The writers of the update
A group of independent experts were appointed to write the update of Te Whāriki.
The writers were:
Helen is Associate Professor at the School of Curriculum and Pedagogy, University of Auckland. Helen is a recognised thought leader in enacting Te Whāriki, particularly as it relates to children’s interests and working theories. Helen has researched and published extensively in the areas of pedagogy and curriculum.
Lealofi has 22 years experience as a teacher and professional leader in Pasifika and non-Pasifika ECE settings. In 2009, Lealofi co-wrote Tokelau Language: Gagana Tokelau: The Tokelau Language Guidelines. Lealofi is currently a team leader of E Tu Ao Pacific home-based ECE for He Whānau Manaaki Kindergartens, based in Porirua. She has a Master’s in Education and is a member of the Leadership Pacific Cluster.
Claire is Professor of Education and Head of School, Te Hononga School of Curriculum and Pedagogy, Faculty of Education, University of Waikato. Claire is widely published in the field of early childhood curriculum, pedagogy, assessment and evaluation, and has made a significant contribution as a thought leader in early literacy and physical education.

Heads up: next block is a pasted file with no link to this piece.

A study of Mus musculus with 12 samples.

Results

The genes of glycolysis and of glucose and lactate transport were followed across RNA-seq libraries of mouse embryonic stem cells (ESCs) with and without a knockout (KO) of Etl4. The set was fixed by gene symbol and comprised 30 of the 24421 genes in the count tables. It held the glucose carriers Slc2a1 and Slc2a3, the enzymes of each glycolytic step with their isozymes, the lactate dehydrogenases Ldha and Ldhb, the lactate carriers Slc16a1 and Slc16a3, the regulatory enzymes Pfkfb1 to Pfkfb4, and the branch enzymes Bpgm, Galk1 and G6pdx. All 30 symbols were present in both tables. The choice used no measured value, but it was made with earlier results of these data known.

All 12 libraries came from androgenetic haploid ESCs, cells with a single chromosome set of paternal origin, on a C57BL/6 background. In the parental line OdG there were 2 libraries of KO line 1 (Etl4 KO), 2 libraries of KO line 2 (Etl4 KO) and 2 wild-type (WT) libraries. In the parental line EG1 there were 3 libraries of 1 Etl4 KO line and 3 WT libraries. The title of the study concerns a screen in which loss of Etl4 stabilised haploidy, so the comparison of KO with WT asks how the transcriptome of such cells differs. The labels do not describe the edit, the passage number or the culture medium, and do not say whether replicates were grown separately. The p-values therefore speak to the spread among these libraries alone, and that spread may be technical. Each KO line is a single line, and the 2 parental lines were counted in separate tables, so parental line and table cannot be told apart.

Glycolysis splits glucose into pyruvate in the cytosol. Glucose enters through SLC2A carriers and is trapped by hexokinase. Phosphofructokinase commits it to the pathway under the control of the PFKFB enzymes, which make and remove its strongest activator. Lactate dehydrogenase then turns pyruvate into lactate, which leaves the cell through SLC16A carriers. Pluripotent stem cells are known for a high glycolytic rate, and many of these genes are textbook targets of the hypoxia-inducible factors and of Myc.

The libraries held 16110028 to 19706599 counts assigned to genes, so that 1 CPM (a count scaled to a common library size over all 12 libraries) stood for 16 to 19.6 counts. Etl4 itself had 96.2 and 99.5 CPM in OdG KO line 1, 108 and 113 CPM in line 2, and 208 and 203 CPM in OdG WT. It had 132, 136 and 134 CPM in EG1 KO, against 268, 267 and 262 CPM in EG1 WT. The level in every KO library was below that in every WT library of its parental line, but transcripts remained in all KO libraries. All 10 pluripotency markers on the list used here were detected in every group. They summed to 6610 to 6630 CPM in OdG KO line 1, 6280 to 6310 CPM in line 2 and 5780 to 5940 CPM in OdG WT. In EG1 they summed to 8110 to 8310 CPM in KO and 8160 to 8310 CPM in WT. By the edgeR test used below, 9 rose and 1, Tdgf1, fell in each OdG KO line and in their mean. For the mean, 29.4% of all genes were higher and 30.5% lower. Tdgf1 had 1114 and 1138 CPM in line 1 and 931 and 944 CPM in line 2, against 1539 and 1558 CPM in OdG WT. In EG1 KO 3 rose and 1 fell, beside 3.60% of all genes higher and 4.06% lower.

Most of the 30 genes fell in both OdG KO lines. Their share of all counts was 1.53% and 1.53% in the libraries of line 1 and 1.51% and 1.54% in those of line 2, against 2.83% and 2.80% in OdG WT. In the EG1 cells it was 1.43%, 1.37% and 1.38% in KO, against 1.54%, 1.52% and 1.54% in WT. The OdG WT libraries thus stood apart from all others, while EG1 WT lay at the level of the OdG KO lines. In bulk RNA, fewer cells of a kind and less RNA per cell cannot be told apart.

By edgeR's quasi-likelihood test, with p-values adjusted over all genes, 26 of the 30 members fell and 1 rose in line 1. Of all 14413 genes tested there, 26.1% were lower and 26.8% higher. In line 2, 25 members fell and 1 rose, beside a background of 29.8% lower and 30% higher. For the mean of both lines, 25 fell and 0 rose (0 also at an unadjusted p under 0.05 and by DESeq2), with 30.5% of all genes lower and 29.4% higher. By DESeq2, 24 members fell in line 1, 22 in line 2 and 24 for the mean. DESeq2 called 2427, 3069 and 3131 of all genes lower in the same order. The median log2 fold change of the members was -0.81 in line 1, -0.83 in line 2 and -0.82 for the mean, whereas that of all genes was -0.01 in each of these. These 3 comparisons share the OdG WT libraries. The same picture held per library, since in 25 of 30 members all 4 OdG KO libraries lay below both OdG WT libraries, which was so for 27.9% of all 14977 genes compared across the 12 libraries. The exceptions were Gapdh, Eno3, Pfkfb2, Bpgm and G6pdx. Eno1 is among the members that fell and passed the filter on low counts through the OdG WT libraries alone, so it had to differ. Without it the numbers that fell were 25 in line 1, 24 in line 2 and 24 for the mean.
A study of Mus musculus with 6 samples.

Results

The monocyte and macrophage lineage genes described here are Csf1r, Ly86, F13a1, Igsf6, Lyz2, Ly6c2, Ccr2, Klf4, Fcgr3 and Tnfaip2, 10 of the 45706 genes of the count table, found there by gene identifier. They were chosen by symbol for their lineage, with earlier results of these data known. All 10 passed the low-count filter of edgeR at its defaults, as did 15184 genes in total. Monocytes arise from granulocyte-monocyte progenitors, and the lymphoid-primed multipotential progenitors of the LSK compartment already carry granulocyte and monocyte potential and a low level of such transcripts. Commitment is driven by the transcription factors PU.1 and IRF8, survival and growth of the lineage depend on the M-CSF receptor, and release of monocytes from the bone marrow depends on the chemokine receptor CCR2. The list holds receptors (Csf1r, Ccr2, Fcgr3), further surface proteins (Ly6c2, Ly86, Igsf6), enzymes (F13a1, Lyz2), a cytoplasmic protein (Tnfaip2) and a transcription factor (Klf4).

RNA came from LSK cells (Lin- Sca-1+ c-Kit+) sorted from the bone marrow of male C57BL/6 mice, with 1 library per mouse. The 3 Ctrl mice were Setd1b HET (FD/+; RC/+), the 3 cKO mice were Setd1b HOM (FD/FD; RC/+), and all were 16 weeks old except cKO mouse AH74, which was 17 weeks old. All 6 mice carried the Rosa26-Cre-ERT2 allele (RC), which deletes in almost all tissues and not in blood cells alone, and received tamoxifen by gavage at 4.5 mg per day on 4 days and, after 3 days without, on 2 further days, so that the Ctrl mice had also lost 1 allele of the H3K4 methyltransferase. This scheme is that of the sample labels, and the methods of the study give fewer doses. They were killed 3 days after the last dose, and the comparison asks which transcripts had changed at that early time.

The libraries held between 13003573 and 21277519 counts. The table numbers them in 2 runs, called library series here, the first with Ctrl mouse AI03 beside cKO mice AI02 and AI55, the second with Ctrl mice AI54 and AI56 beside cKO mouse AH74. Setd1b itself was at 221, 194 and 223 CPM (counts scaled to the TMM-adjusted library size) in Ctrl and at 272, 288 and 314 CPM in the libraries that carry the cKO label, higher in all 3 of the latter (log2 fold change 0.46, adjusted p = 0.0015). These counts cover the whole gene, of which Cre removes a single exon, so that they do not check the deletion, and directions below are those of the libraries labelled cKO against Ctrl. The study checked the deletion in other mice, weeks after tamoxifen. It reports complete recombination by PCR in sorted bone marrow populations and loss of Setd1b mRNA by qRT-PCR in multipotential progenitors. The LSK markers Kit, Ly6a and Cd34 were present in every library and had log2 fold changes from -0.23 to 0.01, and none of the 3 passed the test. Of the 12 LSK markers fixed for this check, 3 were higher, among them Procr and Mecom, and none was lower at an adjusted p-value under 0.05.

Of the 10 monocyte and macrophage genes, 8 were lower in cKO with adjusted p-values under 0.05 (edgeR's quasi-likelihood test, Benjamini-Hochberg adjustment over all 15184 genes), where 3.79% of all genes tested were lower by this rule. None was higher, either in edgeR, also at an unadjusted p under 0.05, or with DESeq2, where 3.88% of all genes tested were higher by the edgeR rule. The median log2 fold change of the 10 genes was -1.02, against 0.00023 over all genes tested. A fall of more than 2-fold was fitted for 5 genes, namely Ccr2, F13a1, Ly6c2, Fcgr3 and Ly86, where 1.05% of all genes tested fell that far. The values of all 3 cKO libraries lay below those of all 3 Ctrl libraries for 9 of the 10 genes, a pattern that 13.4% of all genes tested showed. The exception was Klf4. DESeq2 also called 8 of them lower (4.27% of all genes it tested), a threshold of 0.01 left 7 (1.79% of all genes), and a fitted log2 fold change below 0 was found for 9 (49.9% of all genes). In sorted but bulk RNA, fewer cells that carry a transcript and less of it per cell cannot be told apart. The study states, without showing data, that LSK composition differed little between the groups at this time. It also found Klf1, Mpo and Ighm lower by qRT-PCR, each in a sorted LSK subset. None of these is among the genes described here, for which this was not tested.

Associate Professor Sally Peters was on the advisory group for the development of Te Whāriki in the 1990s and later contributed to The New Zealand Curriculum. Sally brings over 20 years of research experience exploring different aspects of ECE to school transitions with teachers in both sectors. Sally is Head of School, Te Oranga School of Human Development and Counselling; and Associate Director of the Early Years Research Centre at the University of Waikato.
Keri is of Ngāti Porou, Te Arawa, Ngāti Ruakawa, Ngāti Tamaterā and Ngai Tahu descent. Keri is the Tumuaki of Te Kura Kaupapa Māori o Te Kōtuku in Auckland. She has 20 years experience as a teacher and professional leader in kaupapa Māori from kōhanga reo through to wharekura.
Lesley is Ngāti Ruakawa and Ngāti Tukorehe. She is a Senior Lecturer in Te Hononga, School of Curriculum and Pedagogy at the University of Waikato, where she teaches in the Early Childhood and Māori Education programmes. Lesley brings a depth of experience as a practitioner, researcher and advisor in kaupapa Māori ECE settings.
Brenda is Ngāti Awa and Ngāti Porou. She is Kaitiaki at Te Kōhanga Reo o Mana Tamariki in Palmerston North. Brenda brings a wealth of Kaupapa Māori experience, including as researcher/adviser to Te Whatu Pokeka (Kaupapa Māori Assessment for Learning).
The original writers of Te Whāriki also provided advice on the update.